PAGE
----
St. Bendedict's Abbey, Atchison, KS, USA elects their 9th Abbot

Published on Friday, 28 December 2012 20:51
Written by Vaughn Kohler

On December 28, the monks at St. Benedict’s Abbey elected Prior James Robert Albers, OSB, their ninth Abbot. He is a native of Ost, Kansas, grew up in St. Benedict’s Parish of Bendena, Kansas. He went on to graduate from Midway-Denton High School, Denton, Kansas, in 1990. Abbot James graduated from Benedictine College in 1994 with a degree in Mass-Communications and Theology. He entered the novitiate in December 1995 and made his First Profession on December 8, 1996, and his Solemn Profession on October 2, 1999.

After having studied at the Pontifical University of Sant’Anselmo, Rome, Italy, from 1997-2000, he was ordained to the priesthood on July 1, 2000. Following his ordination he did a pastoral year at Sts. Peter and Paul Parish in Seneca, Kansas, and served as Alumni Director at Benedictine College from 2000 until his appointment as Prior of the St. Benedict’s Abbey community in July 2002.

From 2005 to 2012, he also served as the Abbey’s vocation director.

During his monastic life, Abbot James has been an able and well-respected Prior and sought-after spiritual director. He is widely regarded as an even-keel man who shares helpful spiritual counsel and possesses a charitable disposition and a pastoral concern for others.

Please pray for Abbot James Albers as he begins his tenure as the ninth Abbot of St. Benedict’s Abbey.

Please join me in a quick prayer for the monks of St. Benedict’s Abbey and their newly elected Abbot, that they may prefer nothing to Christ as they live out their monastic vocation, and serve the universal Church. Being Abbot is an awesome responsibility. St. Benedict makes has zero qualms about stating explicitly in the Holy Rule that Abbots will have to give an accounting before Christ for any faults that their monks might have as a result of him performing his duties poorly.

So, no pressure.

Peace of Christ,

He’s a youngster! :o

The previous abbot, Abbot Barnabas Senecal, served in that role for 19 years. I would guess that Abbot James will served at least as long. May his wisdom and dedication serve the abbey well! :slight_smile:

For those of you, such as myself, who are unfamiliar with the process of electing a Benedictine abbot, here is an explanation from the abbey’s December newsletter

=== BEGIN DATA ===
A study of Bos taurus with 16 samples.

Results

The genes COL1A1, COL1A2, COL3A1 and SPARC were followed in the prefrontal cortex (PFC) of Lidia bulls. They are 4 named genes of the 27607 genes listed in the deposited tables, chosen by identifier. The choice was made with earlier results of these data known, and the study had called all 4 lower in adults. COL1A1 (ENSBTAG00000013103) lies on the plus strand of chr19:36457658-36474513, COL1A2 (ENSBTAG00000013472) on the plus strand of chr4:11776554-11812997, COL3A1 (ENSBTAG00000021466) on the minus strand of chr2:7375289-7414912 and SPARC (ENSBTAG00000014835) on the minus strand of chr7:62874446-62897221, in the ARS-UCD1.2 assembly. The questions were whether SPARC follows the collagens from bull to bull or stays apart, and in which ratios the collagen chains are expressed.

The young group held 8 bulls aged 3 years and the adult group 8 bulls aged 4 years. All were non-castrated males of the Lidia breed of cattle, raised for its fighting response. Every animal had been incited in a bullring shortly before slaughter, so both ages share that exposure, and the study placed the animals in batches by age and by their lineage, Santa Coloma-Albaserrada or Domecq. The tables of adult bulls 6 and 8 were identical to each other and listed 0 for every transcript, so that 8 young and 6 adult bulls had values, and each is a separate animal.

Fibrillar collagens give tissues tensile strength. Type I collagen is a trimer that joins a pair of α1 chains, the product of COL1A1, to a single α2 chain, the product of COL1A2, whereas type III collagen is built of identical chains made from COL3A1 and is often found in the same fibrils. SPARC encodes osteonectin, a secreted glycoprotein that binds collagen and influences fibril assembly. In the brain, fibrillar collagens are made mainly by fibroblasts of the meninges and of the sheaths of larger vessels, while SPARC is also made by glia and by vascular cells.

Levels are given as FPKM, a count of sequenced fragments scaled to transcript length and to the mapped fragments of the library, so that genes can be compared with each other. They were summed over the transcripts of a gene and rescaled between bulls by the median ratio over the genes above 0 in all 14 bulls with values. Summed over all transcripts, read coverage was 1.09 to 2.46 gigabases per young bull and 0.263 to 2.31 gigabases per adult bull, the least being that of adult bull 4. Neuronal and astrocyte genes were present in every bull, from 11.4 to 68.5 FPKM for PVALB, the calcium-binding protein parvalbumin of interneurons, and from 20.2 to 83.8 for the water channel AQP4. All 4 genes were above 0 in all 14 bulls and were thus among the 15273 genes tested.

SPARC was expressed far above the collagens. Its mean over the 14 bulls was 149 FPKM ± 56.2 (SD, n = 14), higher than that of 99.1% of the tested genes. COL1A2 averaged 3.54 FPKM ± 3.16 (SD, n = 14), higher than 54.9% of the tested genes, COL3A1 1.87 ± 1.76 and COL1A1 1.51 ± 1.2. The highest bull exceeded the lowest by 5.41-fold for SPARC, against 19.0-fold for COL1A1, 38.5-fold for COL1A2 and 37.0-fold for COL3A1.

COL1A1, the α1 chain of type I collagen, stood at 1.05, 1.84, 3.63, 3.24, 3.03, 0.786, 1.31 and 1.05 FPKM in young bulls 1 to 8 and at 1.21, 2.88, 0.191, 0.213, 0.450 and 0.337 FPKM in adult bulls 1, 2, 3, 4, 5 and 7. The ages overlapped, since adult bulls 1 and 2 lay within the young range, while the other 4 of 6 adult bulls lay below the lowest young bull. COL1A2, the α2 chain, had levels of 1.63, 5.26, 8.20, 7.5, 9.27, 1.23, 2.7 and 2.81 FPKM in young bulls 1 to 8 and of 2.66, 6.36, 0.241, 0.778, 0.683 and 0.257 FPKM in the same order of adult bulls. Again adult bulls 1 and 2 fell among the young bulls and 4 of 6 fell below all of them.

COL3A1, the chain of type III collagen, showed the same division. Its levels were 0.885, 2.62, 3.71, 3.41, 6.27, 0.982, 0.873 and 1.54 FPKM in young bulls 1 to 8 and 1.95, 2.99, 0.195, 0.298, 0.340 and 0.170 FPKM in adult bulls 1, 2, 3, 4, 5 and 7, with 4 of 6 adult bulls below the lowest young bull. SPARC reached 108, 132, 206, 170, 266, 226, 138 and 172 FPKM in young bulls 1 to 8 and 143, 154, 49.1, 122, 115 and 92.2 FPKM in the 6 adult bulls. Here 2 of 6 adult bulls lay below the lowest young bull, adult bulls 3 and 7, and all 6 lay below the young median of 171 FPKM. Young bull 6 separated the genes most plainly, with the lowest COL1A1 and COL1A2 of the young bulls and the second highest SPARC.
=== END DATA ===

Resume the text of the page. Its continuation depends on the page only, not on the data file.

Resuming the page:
*The election is a democratic process in which the monastic community gathers to cast ballots. In the case of St. Benedict’s Abbey, this also includes votes from the members of the priory in Brazil, who may cast their vote by proxy.

To prepare for the election, the monks have been praying for discernment, reading to become more acquainted with the process, and dedicating one Mass a month to God’s blessing on the election. In addition, a committee was appointed to oversee the process, which consists of Father Denis Meade, Brother Lawrence Bradford, and Brother Leven Harton. Finally, presenters from outside the Abbey were invited to address the community.

On August 7, Abbot Jerome Kodell, of Subiaco Monastery in Arkansas, delivered a presentation: “What Kind of Elector Should a Monk Be?” which urged the monks to model virtues that “qualified them to vote.” A second presentation on November 21, “What Kind of Electee Should the Future Abbot Be?” reminded the community that an abbot should be a personal center of unity, a spiritual father who promotes the spiritual progress of every member of the community, and yet still a brother to every man.

On October 27, Brother John Mark Falkenheim, of St. Meinrad Archabbey in Indiana, lead the community through a “SWOC” discussion—a state of the union-type discussion of the Abbey’s strengths, weaknesses, opportunities, and challenges. Brother John Mark serves as a professor of psychology at Saint Meinrad Seminary.

The actual election is a two-day process. Abbot Hugh Anderson, Abbot President of the American Cassinese Congregation, will preside over the election.

The election chapter will begin in the afternoon with prayer, the confirmation of the secretary, the chapter and the tellers; the naming of proxies, if any; roll call; oaths taken and the naming of candidates.

In order to vote, a monk is required to be in final vows in good standing. Monks are also expected to go through their own individualized preparation through prayer and reflection. This is not regulated through the election process, but is necessary to help guide the monks through this process.

On the evening of the first day there is a nominating ballot. Each monk may name two candidates by secret ballot. No candidate is allowed to campaign for votes. The community discusses each nominated candidate to see who, they believe, has the qualities necessary for the abbey.

On the second day, after the Mass of the Holy Spirit, the official voting process begins. There is a maximum of six ballots, or rounds of voting. On the first three ballots a two-thirds majority is required; on the next three ballots a fifty-percent plus one majority is needed to elect an Abbot.

Canonical norms list four requirements for those able to be considered for abbot. In order to be validly elected to the office of abbot it is required that a monk be:

  1. At least thirty years of age,
  2. Solemnly professed for at least seven years.
  3. An ordained priest, 4. A member of the American Cassinese Congregation of

Once the person is elected, the choice is left to him whether or not to take on the role. It is not forced upon anyone.

After he accepts the role, and after the election is confirmed by the Abbot President, he is immediately the new abbot. The community goes to the church for a thanksgiving service. At a later date the Abbot will receive the liturgical Abbatial Blessing.*

Congratulations to St. Benedict’s Abbey, and to their new abbot!

Best wishes and blessings to Abbot James.